Medieval Latin, Changes in vocabulary, syntax, and grammar



Medieval Latin had ceased to be a living language, and was instead a scholarly language of the minority of educated men in medieval Europe, used in official documents more than for everyday communication. This resulted in two major features of Medieval Latin compared with Classical Latin. First, many authors attempted to "show off" their knowledge of Classical Latin by using rare or archaic constructions, sometimes anachronistically (i.e. haphazardly mixing constructions from Republican and Imperial Latin, which in reality existed centuries apart). Second, many lesser scholars had a limited grasp of "proper" Latin, or were increasingly influenced by Vulgar Latin which was mutating into the Romance languages.

  • Word order usually tended towards that of the vernacular language of the author, and not the artificial and polished word order of Classical Latin. Conversely, an erudite scholar might attempt to "show off" by intentionally constructing a very complicated sentence. Because Latin is an inflected language, it is technically possible to place related words at opposite ends of a paragraph-long sentence, and owing to the complexity of achieving this it was seen by some as a sign of great skill.
  • Typically, prepositions are used much more frequently (as in modern Romance languages) for greater clarity, instead of using the ablative case alone. For example, while amico and cum amico both mean "with a friend" in Classical and Medieval Latin, for the sake of clarity Medieval Latin would tend to include the preposition cum. Further, in Classical Latin the subject of a verb was often left implied, unless it was being stressed: videt = "he sees". For clarity, Medieval Latin more frequently includes an explicit subject: is videt = "he sees", without necessarily stressing the subject.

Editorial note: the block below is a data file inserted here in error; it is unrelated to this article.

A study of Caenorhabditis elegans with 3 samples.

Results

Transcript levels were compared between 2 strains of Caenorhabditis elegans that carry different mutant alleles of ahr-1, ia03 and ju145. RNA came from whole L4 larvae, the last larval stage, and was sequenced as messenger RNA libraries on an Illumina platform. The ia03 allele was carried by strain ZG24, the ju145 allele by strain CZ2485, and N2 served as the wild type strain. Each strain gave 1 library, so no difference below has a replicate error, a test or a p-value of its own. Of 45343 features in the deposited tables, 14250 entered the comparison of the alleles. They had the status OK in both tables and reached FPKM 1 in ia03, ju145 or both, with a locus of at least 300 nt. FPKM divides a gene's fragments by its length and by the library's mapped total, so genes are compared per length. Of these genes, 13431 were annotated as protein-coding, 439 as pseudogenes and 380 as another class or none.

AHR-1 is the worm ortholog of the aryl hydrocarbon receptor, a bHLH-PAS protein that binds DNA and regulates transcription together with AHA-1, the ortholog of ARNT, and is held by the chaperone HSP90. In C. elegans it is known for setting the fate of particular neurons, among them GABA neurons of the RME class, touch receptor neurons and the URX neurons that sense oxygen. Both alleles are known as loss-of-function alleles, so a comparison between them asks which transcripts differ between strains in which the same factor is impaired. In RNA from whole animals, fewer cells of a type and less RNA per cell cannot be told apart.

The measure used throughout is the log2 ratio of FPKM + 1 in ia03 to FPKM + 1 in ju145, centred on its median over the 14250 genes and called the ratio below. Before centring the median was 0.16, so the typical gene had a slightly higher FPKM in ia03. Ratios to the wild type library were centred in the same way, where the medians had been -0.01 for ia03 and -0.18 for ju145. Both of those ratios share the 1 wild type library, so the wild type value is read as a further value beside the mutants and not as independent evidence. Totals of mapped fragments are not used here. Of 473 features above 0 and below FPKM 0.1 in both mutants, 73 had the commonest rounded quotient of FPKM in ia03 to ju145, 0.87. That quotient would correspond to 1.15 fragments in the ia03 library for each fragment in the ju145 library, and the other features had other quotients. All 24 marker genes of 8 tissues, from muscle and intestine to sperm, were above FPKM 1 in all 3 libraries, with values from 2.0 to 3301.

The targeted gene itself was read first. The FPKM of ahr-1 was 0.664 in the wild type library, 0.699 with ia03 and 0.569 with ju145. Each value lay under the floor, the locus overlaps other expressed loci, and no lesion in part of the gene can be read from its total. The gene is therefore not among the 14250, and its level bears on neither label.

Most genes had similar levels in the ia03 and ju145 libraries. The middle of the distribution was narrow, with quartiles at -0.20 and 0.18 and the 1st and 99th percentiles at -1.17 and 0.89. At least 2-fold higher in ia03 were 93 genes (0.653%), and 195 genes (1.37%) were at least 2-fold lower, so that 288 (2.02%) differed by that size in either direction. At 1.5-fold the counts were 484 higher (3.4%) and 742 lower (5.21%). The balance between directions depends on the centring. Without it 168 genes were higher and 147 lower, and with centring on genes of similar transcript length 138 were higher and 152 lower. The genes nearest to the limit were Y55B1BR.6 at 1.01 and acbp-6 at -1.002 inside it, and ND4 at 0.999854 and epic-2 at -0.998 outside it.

• Various changes occurred in vocabulary, and certain words were mixed into different declensions or conjugations. Many new compound verbs were formed. Some words retained their original structure but drastically changed in meaning, e.g. animositas specifically means "wrath" in Medieval Latin, while in Classical Latin it generally referred to "high spirits, excited spirits" of any kind.
  • Owing to heavy use of biblical terms, there was a large influx of new words borrowed from Greek and Hebrew, and even some grammatical influences. This obviously largely occurred among priests and scholars, not the laity. In general, it is difficult to express abstract concepts in Latin, and many scholars admitted as much. For example, Plato's abstract concept of "the Truth" could only be expressed in Latin as literally "that which is always true". Medieval scholars and theologians, translating both the Bible and Greek philosophers into Latin out of the Koine and Classical Greek, cobbled together many new abstract concept words in Latin.